The Denver City Council on Monday cleared the way for a tower of up to 20 stories high slated to headquarter one of America’s richest corporations and a top producer of gold worldwide, as well as a four-star hotel with shops on the ground floor.
Developer Stonebridge Companies aims to build a “four-star” hotel on the 3-acre site, Tommy Nigro, the company’s vice president of real estate said during a public hearing.
And Newmont Mining, a Fortune 500 Greenwood Village-based company that extracted more gold in 2017 than almost every other company in the world, will move to the Belleview light rail station near the Denver Tech Center in one of the southernmost parts of Denver if all goes according to plan, company spokesman Omar Jabara told Denverite.
Elected officials removed a major barrier to that plan by approving the developer’s request to allow heights of 250 feet on a parcel previously zoned for just 50.
New development will supplant an Extended Stay America motel — described by supporters as an “eyesore” and a magnet for criminals — built a decade before RTD’s adjacent light rail lines.
Several city plans call for Denver to “concentrate the most intense development” around transit stations like the Belleview station, city planner Jeff Hirt said, adding that the sprawling train station area has not reached its potential as a walkable, compact activity hub.
“This will be an incredible development in our city and in my district,” said City Councilwoman Kendra Black, who represents the area.
Opponents worry that too many toilets will be flushed and too many roads will be driven.
A group of nearby businesses that tax themselves to pay for infrastructure — water lines, roads, sidewalks, traffic signals — around the station fought against the new building rules.
The Belleview Metropolitan Districts have paid $33 million to outfit the area, according to Robert Warren, whose family owned the land since the 1880s. New development should not get to benefit from that infrastructure without paying into it, Warren and others argued.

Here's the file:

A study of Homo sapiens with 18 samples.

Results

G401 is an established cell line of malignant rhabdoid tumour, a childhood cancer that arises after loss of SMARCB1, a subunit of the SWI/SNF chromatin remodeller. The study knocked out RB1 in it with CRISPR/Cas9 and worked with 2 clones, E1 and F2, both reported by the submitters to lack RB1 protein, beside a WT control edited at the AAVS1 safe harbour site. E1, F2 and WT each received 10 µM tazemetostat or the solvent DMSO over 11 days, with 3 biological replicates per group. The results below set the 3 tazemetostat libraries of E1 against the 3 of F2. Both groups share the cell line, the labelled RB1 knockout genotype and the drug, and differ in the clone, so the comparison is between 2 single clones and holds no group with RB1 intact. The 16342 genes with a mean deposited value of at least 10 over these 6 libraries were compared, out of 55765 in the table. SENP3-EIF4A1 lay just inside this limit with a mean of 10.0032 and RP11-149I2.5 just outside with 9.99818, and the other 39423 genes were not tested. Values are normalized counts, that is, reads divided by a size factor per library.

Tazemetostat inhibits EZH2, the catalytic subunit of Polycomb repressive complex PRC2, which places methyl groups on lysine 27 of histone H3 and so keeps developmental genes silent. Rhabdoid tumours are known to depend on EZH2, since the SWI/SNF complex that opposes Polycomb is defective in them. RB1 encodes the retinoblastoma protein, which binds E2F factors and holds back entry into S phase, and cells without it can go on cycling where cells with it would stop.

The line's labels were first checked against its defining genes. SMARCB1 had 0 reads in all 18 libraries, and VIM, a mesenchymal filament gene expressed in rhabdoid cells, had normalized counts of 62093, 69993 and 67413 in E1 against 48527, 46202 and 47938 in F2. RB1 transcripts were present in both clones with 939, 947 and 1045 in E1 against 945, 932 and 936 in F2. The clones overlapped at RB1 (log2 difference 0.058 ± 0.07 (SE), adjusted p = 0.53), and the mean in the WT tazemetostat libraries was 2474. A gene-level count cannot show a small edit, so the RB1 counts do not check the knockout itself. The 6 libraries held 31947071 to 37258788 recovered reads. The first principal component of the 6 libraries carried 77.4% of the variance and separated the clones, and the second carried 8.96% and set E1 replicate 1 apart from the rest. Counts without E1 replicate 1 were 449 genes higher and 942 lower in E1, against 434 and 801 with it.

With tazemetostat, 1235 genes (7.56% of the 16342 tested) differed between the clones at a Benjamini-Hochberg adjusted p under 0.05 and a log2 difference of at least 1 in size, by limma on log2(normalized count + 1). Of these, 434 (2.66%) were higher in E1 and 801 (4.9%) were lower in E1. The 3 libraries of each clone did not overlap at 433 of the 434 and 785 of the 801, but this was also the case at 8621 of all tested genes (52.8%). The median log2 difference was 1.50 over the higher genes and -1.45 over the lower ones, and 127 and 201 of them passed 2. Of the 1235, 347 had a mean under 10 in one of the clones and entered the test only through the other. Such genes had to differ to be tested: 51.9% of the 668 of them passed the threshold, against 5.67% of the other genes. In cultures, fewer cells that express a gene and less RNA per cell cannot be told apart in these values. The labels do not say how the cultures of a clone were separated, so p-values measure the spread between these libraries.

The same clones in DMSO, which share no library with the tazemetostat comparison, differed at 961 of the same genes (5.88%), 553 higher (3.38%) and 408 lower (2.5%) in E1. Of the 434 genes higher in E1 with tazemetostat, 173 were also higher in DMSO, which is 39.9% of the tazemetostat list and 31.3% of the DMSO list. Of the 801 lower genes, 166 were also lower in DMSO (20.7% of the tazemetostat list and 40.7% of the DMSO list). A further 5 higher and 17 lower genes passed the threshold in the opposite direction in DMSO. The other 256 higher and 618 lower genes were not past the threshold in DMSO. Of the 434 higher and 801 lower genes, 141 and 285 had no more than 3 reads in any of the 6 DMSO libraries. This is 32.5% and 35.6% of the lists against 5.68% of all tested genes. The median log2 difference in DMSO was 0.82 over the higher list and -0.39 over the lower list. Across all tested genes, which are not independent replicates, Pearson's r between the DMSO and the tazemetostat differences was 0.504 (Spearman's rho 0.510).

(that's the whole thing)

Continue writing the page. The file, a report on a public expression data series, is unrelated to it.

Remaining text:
“The idea is that the cost of new development should be borne by those who will benefit, and consequently the cost of new development should not be borne by those who will not benefit,” said Dianne Miller, the attorney for the districts.
The would-be developers are not part of those districts. City council members, planning department staffers and city attorneys said that’s just how it goes in every corner of the city — initial developers bear the brunt of initial infrastructure. There’s just no legal recourse, staffers said.
“I agree with you and if there was a way for you to make them pay for it that would be great,” Councilwoman Black said. “There is nothing legally that the city can do to compel you to do that.”
Opponents also worried new development would not net enough “open space” around the transit hub. Nothing in the new zoning requires developers to build any. Nigro, representing Stonebridge, told council members that permeable land would cover more than 10 percent of the property, but nothing binds him to that statement.
City Council voted to approve the new rules 12 to 1. Councilman Rafael Espinoza voting against the measure.